Researcher Awarded Career Grant for Chip Security Strategies
March 28, 2017
Dr. Jeyavijayan Rajendran
A five-year grant from the National Science Foundation (NSF) will help a UT Dallas researcher determine the best way to design integrated computer chips so they are secure against theft, malware and piracy.
Dr. Jeyavijayan Rajendran, assistant professor of electrical and computer engineering in the Erik Jonsson School of Engineering and Computer Science, received an NSF Faculty Early Career Development (CAREER) Award of $499,999 for his work in protecting hardware from supply chain attacks. The CAREER program provides support for junior faculty who have demonstrated outstanding research and teaching skills.
Rajendran said outsourcing of integrated computer chips (IC) to unsecure overseas manufacturers has led to significant security issues.
“There are a lot of reported attacks on integrated circuits. We are seeing counterfeit products, malicious circuits that are placed into chips, and reverse engineering where thieves steal design secrets,” Rajendran said.
As an example, he said attackers can insert malicious components into the integrated circuits and use them to take control of a system. He said infiltrators can turn off systems at will, leak secret information or change functionality on the fly. These attacks cost the semiconductor industry billions of dollars annually. They undermine national security and put critical infrastructure in danger.
The diversity of the semiconductor industry exacerbates the supply-chain insecurity. Semiconductor companies have different business models, exposing them to different types of attacks. For example, Intel has its own foundry, while Apple and other companies do not.
“Though part of the problem is that designers have no control over their design in this distributed supply chain, a more important issue is that current IC design tools do not consider security as a design metric,” Rajendran said.
To guard against such attacks, researchers have developed solutions that cover a particular issue on a particular type of circuit. But there has not yet been a holistic solution created that can be used by any manufacturer to protect against any type of attack. That is what Rajendran is working to develop.
“We cannot develop different solutions for these companies; that's not how the semiconductor industry works. It has to be one suite of tools that everyone uses,” he said. “Remember that these solutions may not be compatible with each other. For example, if we mix one solution with another, what happens is that they may make the solutions insecure.”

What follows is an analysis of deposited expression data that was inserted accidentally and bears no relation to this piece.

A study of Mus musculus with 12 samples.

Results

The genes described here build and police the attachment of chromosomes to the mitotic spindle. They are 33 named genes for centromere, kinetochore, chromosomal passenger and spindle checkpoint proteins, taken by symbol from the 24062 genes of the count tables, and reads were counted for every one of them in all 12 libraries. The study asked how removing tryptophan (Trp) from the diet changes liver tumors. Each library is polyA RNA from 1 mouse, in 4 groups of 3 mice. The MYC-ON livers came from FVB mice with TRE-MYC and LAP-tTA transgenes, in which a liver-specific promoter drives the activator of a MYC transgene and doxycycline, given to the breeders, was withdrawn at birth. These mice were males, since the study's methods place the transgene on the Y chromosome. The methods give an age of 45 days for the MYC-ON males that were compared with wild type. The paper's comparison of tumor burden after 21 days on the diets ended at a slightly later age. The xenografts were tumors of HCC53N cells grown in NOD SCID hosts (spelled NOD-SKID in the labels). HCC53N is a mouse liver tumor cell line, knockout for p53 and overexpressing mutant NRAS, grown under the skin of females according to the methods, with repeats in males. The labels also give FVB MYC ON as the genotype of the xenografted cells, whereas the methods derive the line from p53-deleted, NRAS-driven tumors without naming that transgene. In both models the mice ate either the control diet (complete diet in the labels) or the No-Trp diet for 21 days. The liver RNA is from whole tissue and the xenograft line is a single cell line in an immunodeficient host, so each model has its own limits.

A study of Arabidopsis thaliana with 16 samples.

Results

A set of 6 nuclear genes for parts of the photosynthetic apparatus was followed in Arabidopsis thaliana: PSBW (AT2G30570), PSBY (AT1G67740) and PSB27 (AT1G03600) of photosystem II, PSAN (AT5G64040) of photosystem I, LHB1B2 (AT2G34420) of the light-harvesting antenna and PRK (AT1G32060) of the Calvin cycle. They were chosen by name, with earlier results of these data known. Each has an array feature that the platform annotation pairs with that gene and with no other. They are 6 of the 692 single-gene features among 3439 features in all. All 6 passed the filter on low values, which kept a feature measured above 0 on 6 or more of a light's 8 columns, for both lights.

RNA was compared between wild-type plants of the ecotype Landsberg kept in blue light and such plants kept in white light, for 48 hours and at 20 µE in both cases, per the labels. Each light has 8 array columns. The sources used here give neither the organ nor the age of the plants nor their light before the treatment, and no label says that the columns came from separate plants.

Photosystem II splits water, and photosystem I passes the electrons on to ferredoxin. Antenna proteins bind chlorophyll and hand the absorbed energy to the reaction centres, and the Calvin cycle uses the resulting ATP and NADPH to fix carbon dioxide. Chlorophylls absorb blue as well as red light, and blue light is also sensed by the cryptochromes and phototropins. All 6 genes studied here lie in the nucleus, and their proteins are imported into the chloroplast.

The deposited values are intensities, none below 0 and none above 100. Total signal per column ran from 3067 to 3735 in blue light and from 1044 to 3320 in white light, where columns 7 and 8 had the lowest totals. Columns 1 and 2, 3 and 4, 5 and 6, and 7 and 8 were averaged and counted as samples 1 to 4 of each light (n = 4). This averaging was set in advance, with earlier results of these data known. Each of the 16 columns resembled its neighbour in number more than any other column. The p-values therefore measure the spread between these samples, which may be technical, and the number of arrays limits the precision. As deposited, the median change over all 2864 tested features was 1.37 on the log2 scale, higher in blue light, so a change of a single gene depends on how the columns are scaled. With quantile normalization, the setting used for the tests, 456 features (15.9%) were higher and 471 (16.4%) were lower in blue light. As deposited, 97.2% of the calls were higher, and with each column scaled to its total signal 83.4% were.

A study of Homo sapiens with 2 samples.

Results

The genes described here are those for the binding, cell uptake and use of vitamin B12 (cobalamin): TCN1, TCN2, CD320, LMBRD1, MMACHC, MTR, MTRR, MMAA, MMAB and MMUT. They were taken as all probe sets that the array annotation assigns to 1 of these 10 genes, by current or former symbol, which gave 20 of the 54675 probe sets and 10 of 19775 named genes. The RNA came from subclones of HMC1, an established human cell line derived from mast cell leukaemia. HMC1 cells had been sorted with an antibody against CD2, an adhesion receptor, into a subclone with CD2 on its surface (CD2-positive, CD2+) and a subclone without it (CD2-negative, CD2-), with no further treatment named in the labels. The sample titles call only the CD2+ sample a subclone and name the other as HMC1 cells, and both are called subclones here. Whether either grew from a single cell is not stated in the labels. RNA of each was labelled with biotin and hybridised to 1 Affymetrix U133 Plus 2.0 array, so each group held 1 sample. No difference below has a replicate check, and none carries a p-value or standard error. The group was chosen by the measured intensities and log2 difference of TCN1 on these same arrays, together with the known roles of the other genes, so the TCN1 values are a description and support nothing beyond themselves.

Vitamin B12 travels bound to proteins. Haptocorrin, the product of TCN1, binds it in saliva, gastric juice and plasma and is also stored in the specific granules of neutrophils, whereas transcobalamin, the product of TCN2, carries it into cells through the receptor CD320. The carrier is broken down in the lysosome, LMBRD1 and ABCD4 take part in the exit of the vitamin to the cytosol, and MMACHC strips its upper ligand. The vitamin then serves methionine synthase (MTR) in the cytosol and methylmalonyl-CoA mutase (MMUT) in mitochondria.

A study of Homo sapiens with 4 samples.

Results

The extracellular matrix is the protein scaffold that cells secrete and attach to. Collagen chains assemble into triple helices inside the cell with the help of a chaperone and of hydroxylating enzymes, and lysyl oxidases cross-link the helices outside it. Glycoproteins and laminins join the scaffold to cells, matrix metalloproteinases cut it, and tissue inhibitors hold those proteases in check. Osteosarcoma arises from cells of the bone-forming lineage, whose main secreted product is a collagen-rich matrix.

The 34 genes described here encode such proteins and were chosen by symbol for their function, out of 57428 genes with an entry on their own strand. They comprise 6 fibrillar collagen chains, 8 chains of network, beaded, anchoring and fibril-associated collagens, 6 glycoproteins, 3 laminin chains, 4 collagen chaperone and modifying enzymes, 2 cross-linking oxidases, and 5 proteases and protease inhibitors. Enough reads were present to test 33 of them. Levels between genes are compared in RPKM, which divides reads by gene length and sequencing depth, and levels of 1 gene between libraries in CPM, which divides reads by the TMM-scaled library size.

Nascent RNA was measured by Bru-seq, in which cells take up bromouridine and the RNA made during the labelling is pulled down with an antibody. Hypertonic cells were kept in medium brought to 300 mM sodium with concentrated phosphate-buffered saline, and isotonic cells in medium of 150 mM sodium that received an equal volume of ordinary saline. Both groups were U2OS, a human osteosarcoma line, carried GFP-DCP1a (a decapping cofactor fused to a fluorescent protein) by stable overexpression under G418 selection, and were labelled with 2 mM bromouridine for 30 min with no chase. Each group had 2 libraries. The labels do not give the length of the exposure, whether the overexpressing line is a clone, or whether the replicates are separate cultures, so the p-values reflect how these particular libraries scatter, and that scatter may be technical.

Dr. Bhavani Thuraisingham, Louis A. Beecherl, Jr. Distinguished Professor in the Department of Computer Science and executive director of the Cyber Security Research Institute, said Rajendran’s award is significant for the second-year faculty member.
“His research in hardware security is critical and really enhances our current research and education programs in cybersecurity at UT Dallas.”
“Within a year of joining the cybersecurity team at UT Dallas, Dr. Rajendran submitted his NSF CAREER proposal and won the award the first time. Such success is rare. His research in hardware security is critical and really enhances our current research and education programs in cybersecurity at UT Dallas,” Thuraisingham said.
Rajendran already has published some preliminary research on the topic and has delivered talks at the U.S. Department of Defense. He said chip security is significant when talking about U.S. defense and the protection of critical infrastructure.
An important component of his NSF grant is the outreach program that is focused on teachers, high school students and undergraduates.
“There is a lot of opportunity for careers in the cybersecurity field. And the hardware side of cybersecurity is even more in need of researchers and experts because it requires knowledge in both the hardware and software domains. I look forward to engaging teachers and students in the type of work that I am doing,” Rajendran said.
He said he participated in similar outreach programs when he was a grad student at New York University, so he knows how effective they can be.
Rajendran said he was thrilled to receive the NSF grant
“It affirms that the work that you are doing is important, and that the research should continue,” he said.